Monday, July 22, 2024

17 unmarked grave sites revealed at former Port Alberni residential school


A team of researchers has announced the death toll at Port Alberni’s former residential school (AIRS) has been discovered to be at least 67 children, much higher than the 29 children reported by the National Centre for Truth and Reconciliation.

On Tuesday, February 21st, The ?uu?atumin yaqckwiimitqin (Doing it for our Ancestors) research team revealed children were taken from over 90 different reserve communities across BC, translating to over 70 First Nations communities throughout the province. 

Of the 100 hectares of land in question, 10% of the land surveyed in 2022 has revealed 17 unmarked grave sites where Indigenous children rest. 

Upon sharing the news of these unmarked graves, Ken Watts, Tseshaht First Nation Chief Wahmeesh asked those in attendance to join him for a moment of silence. 

After a period of reflection, Watts addressed the significance of these numbers and the impact it has had on generations of Indigenous youth across British Columbia who were separated and segregated from their families and communities. 

“I don’t want to just glance over this and just become another number. No disrespect to our media, but this country has become numb and just thinks it’s another number. We kind of ignore and brush it off, acting like it’s no big deal just to move on,” said Watts.

“For survivors this is the truth they’ve been sharing from the beginning, knowing children never made it home,” said Watts.

Through research, engagement, scanning and memorialization, the team have used these four pillars in their investigation to further examine the history of the missing and murdered Indigenous children that, to this day, have been left unknown.

“It’s been 50 years since the closure of AIRS. For the survivors who have passed on, particularly in the earlier generations pre-1940’s, there’s a gap and it will never be filled because the documents aren’t there and the survivors aren’t there to pass on their stories,” said lead researcher, Sheri Meding.

As part of the engagement process, researchers interviewed and documented the traumatic histories of survivors that endured years of abuse and neglect.

Throughout the statement-gathering process, survivors post-1941 advised the research team where to look regarding the locations of the 17 grave sites uncovered thus far. According to Meding, in several cases, the survivors were correct.

“They knew multiple locations. Some survivors actually drew a map with multiple locations of unmarked graves. We’ve heard the lived experiences of AIR survivors and stand with them, sharing the truth of their lived experiences. The research team wants to acknowledge that,” said Meding.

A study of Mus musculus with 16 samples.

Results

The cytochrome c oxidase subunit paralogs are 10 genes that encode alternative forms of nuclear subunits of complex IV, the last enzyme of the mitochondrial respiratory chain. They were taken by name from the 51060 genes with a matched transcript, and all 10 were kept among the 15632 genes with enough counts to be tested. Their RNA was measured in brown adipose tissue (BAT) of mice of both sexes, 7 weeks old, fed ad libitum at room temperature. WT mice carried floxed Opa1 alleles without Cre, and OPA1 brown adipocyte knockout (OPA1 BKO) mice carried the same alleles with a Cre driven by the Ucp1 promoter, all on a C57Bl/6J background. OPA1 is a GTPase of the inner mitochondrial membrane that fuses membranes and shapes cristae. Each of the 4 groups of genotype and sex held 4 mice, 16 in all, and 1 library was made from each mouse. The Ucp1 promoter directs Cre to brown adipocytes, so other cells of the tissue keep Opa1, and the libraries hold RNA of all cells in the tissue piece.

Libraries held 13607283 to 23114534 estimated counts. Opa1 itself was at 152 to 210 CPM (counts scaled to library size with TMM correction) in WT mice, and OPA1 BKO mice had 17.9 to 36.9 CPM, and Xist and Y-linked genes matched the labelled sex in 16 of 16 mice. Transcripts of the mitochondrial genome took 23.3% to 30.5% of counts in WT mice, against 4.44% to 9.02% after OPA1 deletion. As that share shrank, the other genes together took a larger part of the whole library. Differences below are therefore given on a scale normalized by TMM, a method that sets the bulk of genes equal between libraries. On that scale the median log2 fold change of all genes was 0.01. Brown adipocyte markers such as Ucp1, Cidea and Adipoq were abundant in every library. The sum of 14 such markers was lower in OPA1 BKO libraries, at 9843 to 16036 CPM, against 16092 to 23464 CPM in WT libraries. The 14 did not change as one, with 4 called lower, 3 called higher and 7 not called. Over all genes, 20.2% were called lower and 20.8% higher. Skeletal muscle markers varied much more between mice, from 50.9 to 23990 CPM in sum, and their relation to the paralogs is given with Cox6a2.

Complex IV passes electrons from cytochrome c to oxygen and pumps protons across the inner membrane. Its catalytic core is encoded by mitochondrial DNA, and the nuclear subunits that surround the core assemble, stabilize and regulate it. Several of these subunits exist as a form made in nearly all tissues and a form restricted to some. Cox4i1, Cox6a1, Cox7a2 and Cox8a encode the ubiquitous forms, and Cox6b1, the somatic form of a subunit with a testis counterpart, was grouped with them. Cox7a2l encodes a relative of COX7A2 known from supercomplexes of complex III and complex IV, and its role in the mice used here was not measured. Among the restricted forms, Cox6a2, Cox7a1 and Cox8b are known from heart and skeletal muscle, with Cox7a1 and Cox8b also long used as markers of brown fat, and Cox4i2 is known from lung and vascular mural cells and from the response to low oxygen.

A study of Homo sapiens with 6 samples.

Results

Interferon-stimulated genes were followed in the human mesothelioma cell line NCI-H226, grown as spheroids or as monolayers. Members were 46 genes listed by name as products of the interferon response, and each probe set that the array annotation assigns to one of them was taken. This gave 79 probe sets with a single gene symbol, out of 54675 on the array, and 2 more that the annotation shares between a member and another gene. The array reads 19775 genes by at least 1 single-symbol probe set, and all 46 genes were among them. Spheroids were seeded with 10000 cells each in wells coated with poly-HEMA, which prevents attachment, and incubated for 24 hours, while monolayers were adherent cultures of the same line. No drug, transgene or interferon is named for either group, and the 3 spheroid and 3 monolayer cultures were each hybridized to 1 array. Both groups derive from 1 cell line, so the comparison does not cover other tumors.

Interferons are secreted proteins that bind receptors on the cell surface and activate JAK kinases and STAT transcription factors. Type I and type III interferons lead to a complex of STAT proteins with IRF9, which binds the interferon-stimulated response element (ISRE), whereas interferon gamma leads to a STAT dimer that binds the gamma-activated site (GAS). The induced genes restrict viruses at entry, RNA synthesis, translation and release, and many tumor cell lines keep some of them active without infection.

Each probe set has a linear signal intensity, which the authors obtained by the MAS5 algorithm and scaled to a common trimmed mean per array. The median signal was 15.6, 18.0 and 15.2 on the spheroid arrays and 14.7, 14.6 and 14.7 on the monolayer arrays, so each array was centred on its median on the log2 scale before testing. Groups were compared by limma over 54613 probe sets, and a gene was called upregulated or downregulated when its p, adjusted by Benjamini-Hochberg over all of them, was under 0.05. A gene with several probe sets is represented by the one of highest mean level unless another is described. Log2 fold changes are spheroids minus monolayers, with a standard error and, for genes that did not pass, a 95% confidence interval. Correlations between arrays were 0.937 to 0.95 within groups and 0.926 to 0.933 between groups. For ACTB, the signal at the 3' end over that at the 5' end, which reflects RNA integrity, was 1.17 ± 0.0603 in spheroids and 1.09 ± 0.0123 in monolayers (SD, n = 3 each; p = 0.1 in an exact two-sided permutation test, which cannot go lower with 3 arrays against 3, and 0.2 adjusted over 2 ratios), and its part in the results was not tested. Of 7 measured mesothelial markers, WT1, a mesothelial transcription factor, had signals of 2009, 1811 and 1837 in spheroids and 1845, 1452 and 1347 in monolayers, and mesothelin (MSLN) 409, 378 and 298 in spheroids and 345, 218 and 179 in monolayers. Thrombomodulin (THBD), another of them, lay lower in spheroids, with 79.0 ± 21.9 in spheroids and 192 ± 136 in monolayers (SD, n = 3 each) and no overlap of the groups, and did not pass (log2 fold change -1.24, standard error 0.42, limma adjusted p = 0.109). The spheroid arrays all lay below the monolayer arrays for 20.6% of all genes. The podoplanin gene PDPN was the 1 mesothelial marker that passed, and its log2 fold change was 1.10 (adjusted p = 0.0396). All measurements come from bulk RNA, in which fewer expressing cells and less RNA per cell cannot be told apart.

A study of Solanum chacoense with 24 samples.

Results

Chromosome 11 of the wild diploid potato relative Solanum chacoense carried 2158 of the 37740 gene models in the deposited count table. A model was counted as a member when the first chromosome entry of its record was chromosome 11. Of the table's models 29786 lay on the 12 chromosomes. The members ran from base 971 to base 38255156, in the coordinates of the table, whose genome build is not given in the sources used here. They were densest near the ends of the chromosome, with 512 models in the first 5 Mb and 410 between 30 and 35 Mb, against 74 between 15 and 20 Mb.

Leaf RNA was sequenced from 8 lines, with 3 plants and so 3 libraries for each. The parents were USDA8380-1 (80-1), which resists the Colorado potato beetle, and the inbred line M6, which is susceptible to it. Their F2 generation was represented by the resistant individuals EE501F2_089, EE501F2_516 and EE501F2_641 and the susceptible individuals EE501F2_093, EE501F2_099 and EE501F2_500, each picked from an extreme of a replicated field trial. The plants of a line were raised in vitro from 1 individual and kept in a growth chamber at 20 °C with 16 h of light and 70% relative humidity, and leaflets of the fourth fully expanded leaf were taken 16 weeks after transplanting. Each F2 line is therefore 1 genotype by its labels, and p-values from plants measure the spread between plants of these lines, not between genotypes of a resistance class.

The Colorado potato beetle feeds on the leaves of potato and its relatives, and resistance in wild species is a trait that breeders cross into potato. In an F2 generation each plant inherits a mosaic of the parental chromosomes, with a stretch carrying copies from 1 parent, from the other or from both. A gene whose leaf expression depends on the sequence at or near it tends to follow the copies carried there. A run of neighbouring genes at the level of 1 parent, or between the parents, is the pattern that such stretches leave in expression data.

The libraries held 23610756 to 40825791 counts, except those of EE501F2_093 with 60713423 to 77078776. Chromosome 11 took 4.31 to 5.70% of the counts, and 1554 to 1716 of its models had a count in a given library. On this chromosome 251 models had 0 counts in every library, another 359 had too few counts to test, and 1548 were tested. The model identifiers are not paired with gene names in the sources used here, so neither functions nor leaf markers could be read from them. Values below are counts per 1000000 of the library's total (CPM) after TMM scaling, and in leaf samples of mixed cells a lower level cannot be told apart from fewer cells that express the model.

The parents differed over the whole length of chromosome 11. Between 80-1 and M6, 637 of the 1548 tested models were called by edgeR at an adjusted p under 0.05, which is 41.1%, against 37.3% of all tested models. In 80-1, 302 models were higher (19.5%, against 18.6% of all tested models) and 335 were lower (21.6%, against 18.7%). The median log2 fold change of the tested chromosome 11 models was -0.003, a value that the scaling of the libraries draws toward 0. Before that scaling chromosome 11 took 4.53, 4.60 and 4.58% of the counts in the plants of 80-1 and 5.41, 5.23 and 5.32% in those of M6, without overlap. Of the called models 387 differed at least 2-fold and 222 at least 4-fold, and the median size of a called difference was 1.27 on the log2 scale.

Using survivor accounts, archival research, old maps and aerial photos, Brian Whiting, Geophysics Division Manager from GeoScan led the search on the ground, using two primary technologies to uncover the unmarked grave sites. 

Through LiDAR – a drone-based laser scanning technology – as well as ground-penetrating radar equipment (GPR), the team was able to uncover sites and remains previously unknown and undetected to the natural eye. 

With the aid of LiDAR, the team was able to isolate tiny gaps in the surface of the ground where objects would normally go unseen. 

Additionally, GPR would then use vibrations in areas of interest to reflect back changes in ground conditions deep beneath the surface. 

Now more than a year into the on the ground research, Whiting said the hardest part is yet to come, “What we got done in 2022 was about 10%. We did about 10 hectares. We did it very thoroughly with at least two technologies for every scanned area. There’s a lot more to do and hard work ahead of us in terms of working in the forested areas,” said Whiting.

In the wake of these troubling findings, Watts says the efforts brought forth by the “ʔuuʔatumin yaqckwiimitqin” (Doing It for Our Ancestors) project will continue to work tirelessly to provide answers to the families of those who lost loved ones as students of AIRS.

“I want people to look and remember that those were just children. They passed away while here as AIRS students. Some of them managed to be brought back home while they were sick, and some didn’t. It’s our job as the Tseshaht First Nation to bring those spirits back,” said Watts.

Those in need of support may call the Indian Residential School Survivors Society toll-free at 1-800-721-0066 or 24-hour crisis line at 1-866-925-4419.